Hundreds attend vigil for 14-year-old middle school student killed by car driving on sidewalk

Hundreds of people attended a vigil to remember 14-year-old student Alex Rumple. Rumple died Sunday from injuries she suffered Friday when she was hit by a car as she walked on the sidewalk on her way home from school .

There were two Alexes on the Red Hot Techie Peppers robotics team, so Alexandra “Alex” Rumple’s teammates often called her Sasha, a nickname the 14-year-old’s mother had given her.

Though the eighth grader went to Oxford Middle School in Blue Valley, she had quickly found her place in the tight-knit group of high school and middle school students who compete in robotics competitions for Kansas City’s Learn science and math club.

She earned another nickname — Master Box Maker — because during a season where team members were challenged to make box-like robots that could receive and deliver blocks and balls, Alex skillfully made dozens.

When she’d finish, her wry humor would come out.

“Look, I made a box,” she’d say each time, to the amusement of her coach, Rebecca Kidwell, and her teammates.

That humor endeared her to her teammates in other ways. She nicknamed a robot “The Foxy Box” and another “The Boxy Fox.”

Alex, who joined the team at the start of seventh grade, was even talented at the tasks she didn’t enjoy too much. Like the computer-assisted design work that her team came to rely on her for, even if it sometimes made her grumble.

“She was good at it,” Kidwell said. “And she was good-hearted enough to keep doing it.

On April 14, Alex’s team gathered in shock at an emergency meeting. Alex had been struck by an out-of-control car as she walked home from her Overland Park school two days earlier. At the meeting, Kidwell said, the team learned that Alex had died of her injuries.

The group was supposed to leave that day for Houston to compete in the FIRST (For Inspiration & Recognition of Science and Technology) Tech Challenge World Championships.

Instead, as hundreds of students, parents and teachers gathered at a school vigil to mourn the “artistic” and “wise” straight-A student who played trumpet in the band as well as sports, team members wondered whether they should or could compete without her.

Kidwell said the team decided to do their “very best to live up to our promises” and go to Houston.

“We felt like the only thing they really could do is try to live up to her goals, our goals and keep our commitments,” Kidwell said.

But they also decided something else. For the past three years, the club has brought together its own members as well as community engineers, roboticists and programmers to build little cars for kids with mobility limitations to ride in.

The program, called Geeks for Kids, creates the cars specifically to a child’s needs. Last year, Geeks for Kids produced 12 cars. This year, participants, including the Techie Peppers, hoped to double that. But to meet that goal, they need money.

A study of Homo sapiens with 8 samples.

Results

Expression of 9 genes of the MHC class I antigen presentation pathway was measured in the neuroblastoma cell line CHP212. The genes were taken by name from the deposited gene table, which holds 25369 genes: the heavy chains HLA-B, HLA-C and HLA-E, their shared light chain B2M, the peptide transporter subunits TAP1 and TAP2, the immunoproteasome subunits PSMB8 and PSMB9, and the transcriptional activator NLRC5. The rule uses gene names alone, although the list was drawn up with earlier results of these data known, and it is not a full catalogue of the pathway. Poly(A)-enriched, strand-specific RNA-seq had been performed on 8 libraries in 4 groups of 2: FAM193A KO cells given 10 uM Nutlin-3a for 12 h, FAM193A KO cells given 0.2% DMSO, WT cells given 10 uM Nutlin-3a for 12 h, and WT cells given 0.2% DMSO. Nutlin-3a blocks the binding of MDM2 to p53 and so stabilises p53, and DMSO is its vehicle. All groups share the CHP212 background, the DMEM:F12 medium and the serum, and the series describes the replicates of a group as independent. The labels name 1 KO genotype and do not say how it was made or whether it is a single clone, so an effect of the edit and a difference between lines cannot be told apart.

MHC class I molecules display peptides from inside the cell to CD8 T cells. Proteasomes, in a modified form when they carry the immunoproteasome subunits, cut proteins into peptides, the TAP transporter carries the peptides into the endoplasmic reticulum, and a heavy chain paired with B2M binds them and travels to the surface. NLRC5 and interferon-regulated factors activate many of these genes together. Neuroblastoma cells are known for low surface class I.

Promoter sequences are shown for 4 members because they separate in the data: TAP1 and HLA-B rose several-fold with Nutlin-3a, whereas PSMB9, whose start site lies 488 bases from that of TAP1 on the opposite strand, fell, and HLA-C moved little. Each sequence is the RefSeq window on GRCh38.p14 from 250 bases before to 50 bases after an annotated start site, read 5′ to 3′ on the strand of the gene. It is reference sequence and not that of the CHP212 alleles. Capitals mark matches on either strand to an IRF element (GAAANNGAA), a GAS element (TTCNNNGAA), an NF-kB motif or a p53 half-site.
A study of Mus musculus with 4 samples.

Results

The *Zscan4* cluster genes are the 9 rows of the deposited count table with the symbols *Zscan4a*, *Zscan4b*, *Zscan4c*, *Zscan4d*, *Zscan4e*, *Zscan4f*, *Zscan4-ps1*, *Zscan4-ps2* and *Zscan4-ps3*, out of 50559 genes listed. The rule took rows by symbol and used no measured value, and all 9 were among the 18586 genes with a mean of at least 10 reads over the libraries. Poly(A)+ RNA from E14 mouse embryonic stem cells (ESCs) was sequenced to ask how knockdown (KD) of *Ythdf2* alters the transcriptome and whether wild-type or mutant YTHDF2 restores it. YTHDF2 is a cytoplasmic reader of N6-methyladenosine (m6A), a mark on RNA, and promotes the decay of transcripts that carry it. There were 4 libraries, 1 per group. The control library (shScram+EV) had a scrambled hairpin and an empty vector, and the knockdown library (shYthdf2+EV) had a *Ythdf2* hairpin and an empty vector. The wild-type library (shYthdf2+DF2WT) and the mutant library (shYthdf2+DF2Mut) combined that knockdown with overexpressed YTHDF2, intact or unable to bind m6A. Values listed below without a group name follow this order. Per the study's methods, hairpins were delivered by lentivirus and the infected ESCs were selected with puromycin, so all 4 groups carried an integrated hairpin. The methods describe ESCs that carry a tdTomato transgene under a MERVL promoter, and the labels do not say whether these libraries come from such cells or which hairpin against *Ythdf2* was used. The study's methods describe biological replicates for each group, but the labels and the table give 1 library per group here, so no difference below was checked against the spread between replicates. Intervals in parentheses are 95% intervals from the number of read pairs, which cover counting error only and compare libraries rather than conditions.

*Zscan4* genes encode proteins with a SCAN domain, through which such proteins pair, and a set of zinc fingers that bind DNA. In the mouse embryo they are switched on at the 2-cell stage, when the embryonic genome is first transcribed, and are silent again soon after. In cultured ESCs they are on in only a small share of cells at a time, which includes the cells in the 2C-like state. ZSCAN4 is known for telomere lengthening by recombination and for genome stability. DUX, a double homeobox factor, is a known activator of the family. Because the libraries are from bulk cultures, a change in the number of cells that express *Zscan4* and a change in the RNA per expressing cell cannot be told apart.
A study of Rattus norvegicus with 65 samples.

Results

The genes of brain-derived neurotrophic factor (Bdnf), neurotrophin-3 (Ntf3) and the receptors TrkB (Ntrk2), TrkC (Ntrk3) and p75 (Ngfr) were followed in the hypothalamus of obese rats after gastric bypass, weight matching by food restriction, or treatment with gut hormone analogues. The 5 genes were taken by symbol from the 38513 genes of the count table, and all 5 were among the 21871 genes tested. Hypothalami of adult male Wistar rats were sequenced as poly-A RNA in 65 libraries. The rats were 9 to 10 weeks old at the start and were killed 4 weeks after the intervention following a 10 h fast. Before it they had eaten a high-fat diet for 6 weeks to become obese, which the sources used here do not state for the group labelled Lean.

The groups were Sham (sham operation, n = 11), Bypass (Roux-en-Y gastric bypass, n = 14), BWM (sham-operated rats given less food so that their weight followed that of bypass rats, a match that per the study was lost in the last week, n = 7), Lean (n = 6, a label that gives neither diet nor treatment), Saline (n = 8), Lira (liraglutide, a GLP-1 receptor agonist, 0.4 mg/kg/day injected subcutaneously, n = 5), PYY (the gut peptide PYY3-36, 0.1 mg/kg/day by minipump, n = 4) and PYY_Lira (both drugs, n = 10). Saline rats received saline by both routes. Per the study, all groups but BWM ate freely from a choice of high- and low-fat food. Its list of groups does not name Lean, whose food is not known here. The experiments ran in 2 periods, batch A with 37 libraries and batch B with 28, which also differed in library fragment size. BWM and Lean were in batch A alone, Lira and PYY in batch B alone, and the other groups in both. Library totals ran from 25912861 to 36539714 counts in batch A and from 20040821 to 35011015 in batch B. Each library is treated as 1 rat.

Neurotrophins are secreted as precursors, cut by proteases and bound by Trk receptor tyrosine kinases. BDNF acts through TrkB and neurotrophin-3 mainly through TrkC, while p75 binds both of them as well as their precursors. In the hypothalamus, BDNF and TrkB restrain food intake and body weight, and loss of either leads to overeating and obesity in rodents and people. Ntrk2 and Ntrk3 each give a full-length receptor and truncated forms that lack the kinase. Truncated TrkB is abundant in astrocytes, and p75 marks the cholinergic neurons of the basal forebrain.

An online fundraising page made earlier this year shares the story of Jerry, a 4-year-old who cannot walk because when he was 2, a car drove over him, injuring his spine. His insurance denied him a motorized wheelchair.

Geeks for Kids made the boy a customized hot rod that allows him to play outside with other kids.

“Now, Jerry is zooming around his yard and neighborhood in the car we built, and his friends compete to ride with him,” the fundraiser reads.


Alex and her teammates were not just preparing for the world championships, they were in the middle of the Geeks for Kids build season, where the club’s members and mentors plan, customize and make the cars they’ve raised money to create.

After her death, the team decided to dedicate the Geeks for Kids season to Alex, who the team said in an online update had played an “integral part” of the program last year along with her dad, Aaron, the director of design for Yaeger Architecture.

They plan to honor her at a car assembly event planned for Saturday at the Dean’s Downtown Underground warehouse.

Kidwell said that in the wake of Alex’s death, the club has been flooded with volunteers to help build the cars. But Geeks for Kids can only make as many as it can pay for.

And with cars costing $750 to $1,500 each, club members have thrown their energy into raising money, appealing to corporate sponsors and finding kids who would benefit from the program. More information can be found at geeks.learnscienceandmathclub.org.

Already, donations in Alex’s name have poured in. And the team posted a tribute to Alex:

“She impressed us with her creativity, determination and problem-solving skills,” the team wrote. “And, she became a member of our ‘family’ as we worked, played, struggled and triumphed side by side for many hours each week.”

After the world championships last week, when the Red Hot Techie Peppers placed in the top third, Kidwell said the group drove an hour away to the beach for their own private memorial.

They stood in the ocean and hugged.

At some point that week, her teammates had adopted the motto, “Do it for Alex,” and there, standing in the surf, they remembered their friend.

The teammates expect the motto, Kidwell said, to be a lasting one.